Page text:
How to

8 December 2016

Using Vibration Sensors to Keep Industrial Refrigeration Units in Spec

Cold storage warehouse operations are nowadays just as multifaceted as they are precisely monitored. Some of the world’s biggest manufacturers, distributors, warehouse operators and processors of cold industrial foods rely on a myriad of pieces of equipment to keep things running smoothly. Of these, however, arguably the most important components are the pieces of monitoring equipment found in such premises. Whilst certain devices are more forthcoming when we consider the management of large-scale food operations off the top of our heads (temperature sensors, humidity gauges and so forth), one such instrument which is perhaps less manifest is the humble vibration sensor. However, to managers and monitoring personnel relying on read-outs from computerised equipment, trying to get an overall grasp on the spaces they oversee, vibrations sensors are, for many, indispensable pieces of equipment.

Img source: Pacific Group
Lineage Logistics is one example of a major company which utilises monitoring equipment for vibration control. According to a CIO interview with Elliot Wolf, director of analytics for the company, the predominant application for vibration sensors is to ensure that refrigeration systems continue to function throughout their required usage time. In essence, if you strap a vibration sensor onto a device which shakes when turned on but which doesn’t when it’s off, monitoring personnel can determine immediately whether something has gone wrong.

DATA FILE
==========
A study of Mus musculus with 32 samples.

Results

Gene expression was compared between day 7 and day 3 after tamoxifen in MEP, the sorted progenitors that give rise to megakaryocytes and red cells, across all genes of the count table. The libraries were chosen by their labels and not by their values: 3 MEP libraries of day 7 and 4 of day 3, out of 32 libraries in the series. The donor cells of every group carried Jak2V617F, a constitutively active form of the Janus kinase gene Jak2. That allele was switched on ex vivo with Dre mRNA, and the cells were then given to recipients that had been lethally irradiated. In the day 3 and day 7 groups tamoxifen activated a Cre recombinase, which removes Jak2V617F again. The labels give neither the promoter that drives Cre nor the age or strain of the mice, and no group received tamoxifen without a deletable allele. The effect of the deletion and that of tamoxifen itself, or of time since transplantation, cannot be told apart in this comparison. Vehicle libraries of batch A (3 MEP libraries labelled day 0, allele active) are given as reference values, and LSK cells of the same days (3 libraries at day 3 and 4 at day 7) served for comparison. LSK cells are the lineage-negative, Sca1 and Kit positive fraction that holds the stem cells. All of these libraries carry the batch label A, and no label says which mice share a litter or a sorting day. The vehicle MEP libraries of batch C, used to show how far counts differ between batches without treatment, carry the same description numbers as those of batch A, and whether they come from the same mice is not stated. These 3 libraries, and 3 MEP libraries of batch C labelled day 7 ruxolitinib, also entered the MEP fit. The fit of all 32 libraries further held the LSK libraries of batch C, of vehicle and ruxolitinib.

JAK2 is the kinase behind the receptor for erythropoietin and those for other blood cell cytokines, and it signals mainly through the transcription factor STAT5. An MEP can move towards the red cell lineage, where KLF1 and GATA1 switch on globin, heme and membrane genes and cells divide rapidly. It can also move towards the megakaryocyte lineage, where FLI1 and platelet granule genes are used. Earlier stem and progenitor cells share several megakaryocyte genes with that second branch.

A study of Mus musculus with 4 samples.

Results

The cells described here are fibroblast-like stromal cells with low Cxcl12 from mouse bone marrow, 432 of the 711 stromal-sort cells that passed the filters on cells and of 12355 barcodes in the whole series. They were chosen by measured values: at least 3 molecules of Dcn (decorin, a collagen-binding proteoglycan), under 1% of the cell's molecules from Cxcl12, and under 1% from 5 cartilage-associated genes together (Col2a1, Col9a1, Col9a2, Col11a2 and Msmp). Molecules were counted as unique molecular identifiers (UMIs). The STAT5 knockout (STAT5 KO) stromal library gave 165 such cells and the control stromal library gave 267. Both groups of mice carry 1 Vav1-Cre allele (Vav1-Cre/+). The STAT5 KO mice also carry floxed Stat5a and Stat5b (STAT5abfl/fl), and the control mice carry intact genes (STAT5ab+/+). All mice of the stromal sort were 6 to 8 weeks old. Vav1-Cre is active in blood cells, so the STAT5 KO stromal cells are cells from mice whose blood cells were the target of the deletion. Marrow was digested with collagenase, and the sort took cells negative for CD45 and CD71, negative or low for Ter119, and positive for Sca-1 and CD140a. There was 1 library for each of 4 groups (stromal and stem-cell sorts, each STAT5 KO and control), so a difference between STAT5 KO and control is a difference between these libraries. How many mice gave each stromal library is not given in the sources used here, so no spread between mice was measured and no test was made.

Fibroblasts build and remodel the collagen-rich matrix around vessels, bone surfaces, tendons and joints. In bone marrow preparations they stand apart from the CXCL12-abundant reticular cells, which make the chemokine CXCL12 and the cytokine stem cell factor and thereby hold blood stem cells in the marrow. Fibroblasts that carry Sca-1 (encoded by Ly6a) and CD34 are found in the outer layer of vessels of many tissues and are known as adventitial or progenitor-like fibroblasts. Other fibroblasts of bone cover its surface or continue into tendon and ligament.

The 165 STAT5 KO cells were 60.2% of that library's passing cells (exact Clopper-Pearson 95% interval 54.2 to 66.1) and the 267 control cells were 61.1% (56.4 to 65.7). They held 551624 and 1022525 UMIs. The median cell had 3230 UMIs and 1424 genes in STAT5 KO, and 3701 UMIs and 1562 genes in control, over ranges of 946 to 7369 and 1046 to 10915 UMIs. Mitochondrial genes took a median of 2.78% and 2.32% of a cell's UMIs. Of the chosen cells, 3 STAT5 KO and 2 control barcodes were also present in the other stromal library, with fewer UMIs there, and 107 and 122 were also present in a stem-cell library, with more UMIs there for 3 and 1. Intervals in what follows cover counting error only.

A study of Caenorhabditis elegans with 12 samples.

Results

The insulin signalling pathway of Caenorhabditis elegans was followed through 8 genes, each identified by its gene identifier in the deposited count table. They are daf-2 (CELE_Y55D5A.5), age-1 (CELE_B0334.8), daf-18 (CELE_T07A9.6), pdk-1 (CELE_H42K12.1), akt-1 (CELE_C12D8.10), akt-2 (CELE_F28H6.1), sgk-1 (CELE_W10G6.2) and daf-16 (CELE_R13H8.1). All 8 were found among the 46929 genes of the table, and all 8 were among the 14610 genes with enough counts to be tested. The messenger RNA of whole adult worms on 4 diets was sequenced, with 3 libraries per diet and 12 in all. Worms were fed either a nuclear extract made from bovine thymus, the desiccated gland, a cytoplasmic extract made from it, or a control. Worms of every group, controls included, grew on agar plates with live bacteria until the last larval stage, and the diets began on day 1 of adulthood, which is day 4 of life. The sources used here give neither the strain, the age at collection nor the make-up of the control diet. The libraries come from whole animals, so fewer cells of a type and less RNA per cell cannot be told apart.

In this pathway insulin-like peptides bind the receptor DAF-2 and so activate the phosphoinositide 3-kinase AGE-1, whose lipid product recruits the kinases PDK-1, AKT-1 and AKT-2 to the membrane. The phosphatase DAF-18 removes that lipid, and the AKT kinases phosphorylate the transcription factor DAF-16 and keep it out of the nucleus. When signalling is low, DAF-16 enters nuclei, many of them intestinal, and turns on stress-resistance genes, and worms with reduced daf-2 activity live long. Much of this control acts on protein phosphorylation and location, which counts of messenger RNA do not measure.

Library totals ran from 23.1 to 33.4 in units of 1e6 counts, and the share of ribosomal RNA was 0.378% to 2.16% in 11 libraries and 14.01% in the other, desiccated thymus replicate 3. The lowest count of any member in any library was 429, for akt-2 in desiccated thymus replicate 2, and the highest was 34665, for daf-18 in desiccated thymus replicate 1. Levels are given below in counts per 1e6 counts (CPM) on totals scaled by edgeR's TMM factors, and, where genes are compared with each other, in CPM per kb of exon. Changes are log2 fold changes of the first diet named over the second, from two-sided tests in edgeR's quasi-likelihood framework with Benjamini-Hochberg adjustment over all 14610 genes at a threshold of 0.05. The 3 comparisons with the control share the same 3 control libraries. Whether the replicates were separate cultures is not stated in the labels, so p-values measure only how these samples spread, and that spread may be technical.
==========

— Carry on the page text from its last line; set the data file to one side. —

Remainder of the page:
But the applications of such monitoring equipment are not, of course, confined to that. Rather, they are also useful in making sure that such hardware is kept more generally in spec. Certain vibrations for example, can either be good or bad; and it’s far more cost-effective to monitor for these than it is to look out for complete system failures.

Wolf claims that Lineage affixes their vibration sensors to the compressors of their refrigerators, yet doesn’t calibrate them to look for a steady vibration: rather, the company uses them to look for instances of too much vibration. Wolf claims that such monitoring methods make it possible to tell, for example, when bearings are coming loose within the compressor. This, he claims, ‘allows the crews to redress the problem before the compressor breaks, preventing higher repair costs.’ Clever; a stitch in time really does save nine.

Indeed, vibration sensors can be used in conjunction with other pieces of monitoring equipment. For example, Wolf also describes how Lineage scans for discrepancies called ‘liquid hammers’ in refrigeration systems: pressure spikes that force fluids the wrong way through pipes. In order to forestall these kinks in their early stages, vibration sensors and accelerometers are used together in a wider process of valve monitoring.  

So, there are, indeed, numerous ways in which vibration sensors can be used, either independently or together with other utensils, in the effective monitoring and administration of cold storage warehouses; making them, for some of the world’s biggest cold-storage warehouse operators, indispensable pieces of equipment.

James Stannard

James has a Bachelor’s degree in History and wrote his dissertation on beef and protest. His heroes list ranges from Adele to Noam Chomsky: inspirations he’ll be invoking next year when he begins a Master’s degree in London.